By Samantha Johnson
Southern Alberta Newspapers
Local Journalism Initiative Reporter
January 17, 1881 – The Bulletin (Edmonton)
On Thursday evening last, The Hotel was crowded with settlers to attend the meeting called for in the last issue of this paper. A subscription list was the first order of business, the money raised to be used to build a home for Dr. Verey so he can procure medicines suitable for this country. $115 was immediately subscribed and it is expected that will be doubled. Next up was the issue of mail from and to the outside world, but most particularly the need for a money-order office in Edmonton. It was agreed a petition be drawn up and sent to the Postmaster General.
In a recent issue of the Canadian Illustrated News is a photo of Edmonton as it was 50 years ago, although the editor did not take the trouble to tell their readers so. It shows the old windmill, which has been replaced by two steam saw and grist mills. The rest of the photo is equally antiquated.
The Battleford Herald recently had an elaborate epistle, which was remarkable for its bad orthography and flighty syntax. Perhaps the people the editor mentions, who have emigrated to Edmonton, could not endure the superior tall yarns. He is evidently mad because Edmonton is the recognized metropolis of the great northwest.
January 14, 1909 – The Frank Paper
A resident in Bellevue is in receipt of a letter from an uncle who is a quarter-master sergeant at the military hospital in Valletta and was an eyewitness to the marine disaster off the island of Malta a few weeks ago. The Sardinia was in trouble by 11:15 a.m. and when she came alongside the breakwater it could be seen she was burning and officials signaled for her to get out of the harbour lest she explode some of the magazines. She turned slightly, but flame and smoke were towering 200 feet high and then something exploded, carrying away the bridge and chart house. The ship ran around in circles before coming aground with less than half of the 200 on board rescued.
A story is currently circulating regarding the tactics of the socialist element of the United Mine Workers of America as they attempt to defeat McDonald in his bid for re-election as secretary of the district board, which encompasses Alberta, Saskatchewan and part of North Dakota. McDonald was the only high official who refused to embrace the socialist doctrine. The vote of the locals in the Blairmore district took place on Dec. 14, but for some reason the count was not done until Dec. 31. Votes from Talvorton, SK were thrown out and those from Bellevue, Michel and Hillcrest were the only three, out of 30, where McDonald did not carry the vote, although the socialists are saying he was defeated. The election will be protested at the annual convention in Lethbridge, which will likely lead to widespread dissension in the organization.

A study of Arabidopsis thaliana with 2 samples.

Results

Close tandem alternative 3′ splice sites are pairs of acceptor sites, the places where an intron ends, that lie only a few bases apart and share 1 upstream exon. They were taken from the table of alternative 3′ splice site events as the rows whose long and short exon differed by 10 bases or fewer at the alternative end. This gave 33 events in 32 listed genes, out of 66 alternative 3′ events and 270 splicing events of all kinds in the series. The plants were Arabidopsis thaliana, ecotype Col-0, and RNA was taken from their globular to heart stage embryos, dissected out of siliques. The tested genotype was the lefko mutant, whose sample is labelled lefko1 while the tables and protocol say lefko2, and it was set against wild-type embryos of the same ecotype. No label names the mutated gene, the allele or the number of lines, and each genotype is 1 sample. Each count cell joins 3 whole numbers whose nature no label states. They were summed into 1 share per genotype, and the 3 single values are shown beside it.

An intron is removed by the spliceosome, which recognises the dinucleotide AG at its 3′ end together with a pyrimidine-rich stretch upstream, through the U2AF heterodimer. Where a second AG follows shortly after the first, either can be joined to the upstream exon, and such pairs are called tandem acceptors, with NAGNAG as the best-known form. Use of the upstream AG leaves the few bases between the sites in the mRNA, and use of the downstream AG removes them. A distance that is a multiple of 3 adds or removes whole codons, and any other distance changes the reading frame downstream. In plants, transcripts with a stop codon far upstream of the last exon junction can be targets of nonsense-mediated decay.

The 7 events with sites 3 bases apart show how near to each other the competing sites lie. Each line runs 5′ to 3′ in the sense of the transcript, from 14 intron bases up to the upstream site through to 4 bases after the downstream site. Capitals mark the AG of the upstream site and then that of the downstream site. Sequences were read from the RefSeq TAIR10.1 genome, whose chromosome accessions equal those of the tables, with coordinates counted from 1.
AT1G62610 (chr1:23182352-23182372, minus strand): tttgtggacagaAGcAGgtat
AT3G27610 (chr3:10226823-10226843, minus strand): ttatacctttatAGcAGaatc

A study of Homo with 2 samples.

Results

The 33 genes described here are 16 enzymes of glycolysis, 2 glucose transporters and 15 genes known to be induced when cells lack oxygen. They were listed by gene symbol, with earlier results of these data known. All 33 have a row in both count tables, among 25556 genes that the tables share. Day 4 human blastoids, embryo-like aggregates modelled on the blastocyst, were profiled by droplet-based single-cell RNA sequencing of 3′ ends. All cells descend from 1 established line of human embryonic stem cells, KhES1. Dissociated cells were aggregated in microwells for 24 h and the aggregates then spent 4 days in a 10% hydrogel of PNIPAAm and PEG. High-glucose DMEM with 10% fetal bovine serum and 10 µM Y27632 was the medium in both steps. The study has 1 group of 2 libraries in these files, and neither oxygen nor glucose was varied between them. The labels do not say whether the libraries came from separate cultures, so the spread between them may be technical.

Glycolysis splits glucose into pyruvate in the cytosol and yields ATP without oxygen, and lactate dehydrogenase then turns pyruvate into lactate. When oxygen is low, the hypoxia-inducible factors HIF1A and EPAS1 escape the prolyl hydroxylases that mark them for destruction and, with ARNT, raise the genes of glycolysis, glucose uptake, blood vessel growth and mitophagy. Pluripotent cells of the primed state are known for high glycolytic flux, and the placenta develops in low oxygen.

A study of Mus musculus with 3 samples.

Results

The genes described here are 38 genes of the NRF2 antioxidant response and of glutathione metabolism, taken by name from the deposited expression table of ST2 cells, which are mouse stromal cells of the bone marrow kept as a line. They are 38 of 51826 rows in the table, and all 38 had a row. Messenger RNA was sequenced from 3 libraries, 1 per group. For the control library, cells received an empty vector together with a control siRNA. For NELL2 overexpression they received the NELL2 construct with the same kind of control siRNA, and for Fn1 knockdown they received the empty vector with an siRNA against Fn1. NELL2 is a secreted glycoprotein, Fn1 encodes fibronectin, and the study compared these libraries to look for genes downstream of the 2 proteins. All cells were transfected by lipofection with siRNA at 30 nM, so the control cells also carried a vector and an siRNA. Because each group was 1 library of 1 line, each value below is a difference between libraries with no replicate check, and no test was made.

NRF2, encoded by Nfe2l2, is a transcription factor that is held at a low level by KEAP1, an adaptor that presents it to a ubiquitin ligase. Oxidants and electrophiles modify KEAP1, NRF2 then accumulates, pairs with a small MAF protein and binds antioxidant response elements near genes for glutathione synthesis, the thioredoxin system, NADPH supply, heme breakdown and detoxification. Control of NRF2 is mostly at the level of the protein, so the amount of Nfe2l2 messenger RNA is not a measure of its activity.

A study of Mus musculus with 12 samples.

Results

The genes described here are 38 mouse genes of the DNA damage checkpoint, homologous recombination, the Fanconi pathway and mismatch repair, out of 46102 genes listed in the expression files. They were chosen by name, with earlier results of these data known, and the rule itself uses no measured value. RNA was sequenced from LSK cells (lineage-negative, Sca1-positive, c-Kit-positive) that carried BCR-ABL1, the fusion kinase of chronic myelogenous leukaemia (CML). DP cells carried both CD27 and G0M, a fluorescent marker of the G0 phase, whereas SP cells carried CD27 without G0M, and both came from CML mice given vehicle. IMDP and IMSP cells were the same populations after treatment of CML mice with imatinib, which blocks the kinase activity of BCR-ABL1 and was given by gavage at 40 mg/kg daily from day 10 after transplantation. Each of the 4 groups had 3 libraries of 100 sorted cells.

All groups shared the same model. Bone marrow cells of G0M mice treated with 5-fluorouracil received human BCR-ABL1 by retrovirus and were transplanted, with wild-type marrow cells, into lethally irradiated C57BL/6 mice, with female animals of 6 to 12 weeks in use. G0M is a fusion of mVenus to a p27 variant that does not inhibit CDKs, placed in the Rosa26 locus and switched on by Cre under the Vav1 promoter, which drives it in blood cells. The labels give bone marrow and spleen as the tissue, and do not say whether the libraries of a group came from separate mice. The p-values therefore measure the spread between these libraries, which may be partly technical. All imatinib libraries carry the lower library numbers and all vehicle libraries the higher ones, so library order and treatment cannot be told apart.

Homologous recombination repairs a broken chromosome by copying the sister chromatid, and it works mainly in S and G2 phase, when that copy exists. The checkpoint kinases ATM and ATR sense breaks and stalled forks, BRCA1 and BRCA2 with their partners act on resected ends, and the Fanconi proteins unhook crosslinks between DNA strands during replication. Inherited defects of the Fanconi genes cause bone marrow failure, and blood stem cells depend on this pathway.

January 14, 1914 – The Vulcan Advocate
The newly elected council met and unanimously decided they were unable to hire both a labourer and a constable and the decision was made to combine the two jobs again. Then a lengthy discussion/argument ensued as to if the person should be paid on a contract and commission basis or by salary, one councillor for the former method and two for the later. The salary won out as the combined position entailed many kinds of work and deciding on a commission basis would be difficult. Council was then unable to agree on $75 per year, the same as was paid for the position last year, or an increase to $85 per year and the amount of the salary was held over until the next meeting.
A chinook blew in following the New Year fall of snow and melted all six inches of the white stuff within a day. The wind was severe and blew over the barn at the school, but no damage was done and the building was soon righted.
Mr. George Cooper, along with his wife and brother-in-law, are newcomers to the district and have settled on one of the CPR ready-made farms south of town. Cooper has farmed in New Zealand, Australia and, most recently, Lincoln, Nebraska. He said the opportunities Canada is offering are far and above any he’d seen in other countries and mentioned land in New Zealand was selling for $150 per acre. He plans to rear chickens and hogs rather than growing grain and believes, given the good railway facilities, he will be able to create a viable stock raising business.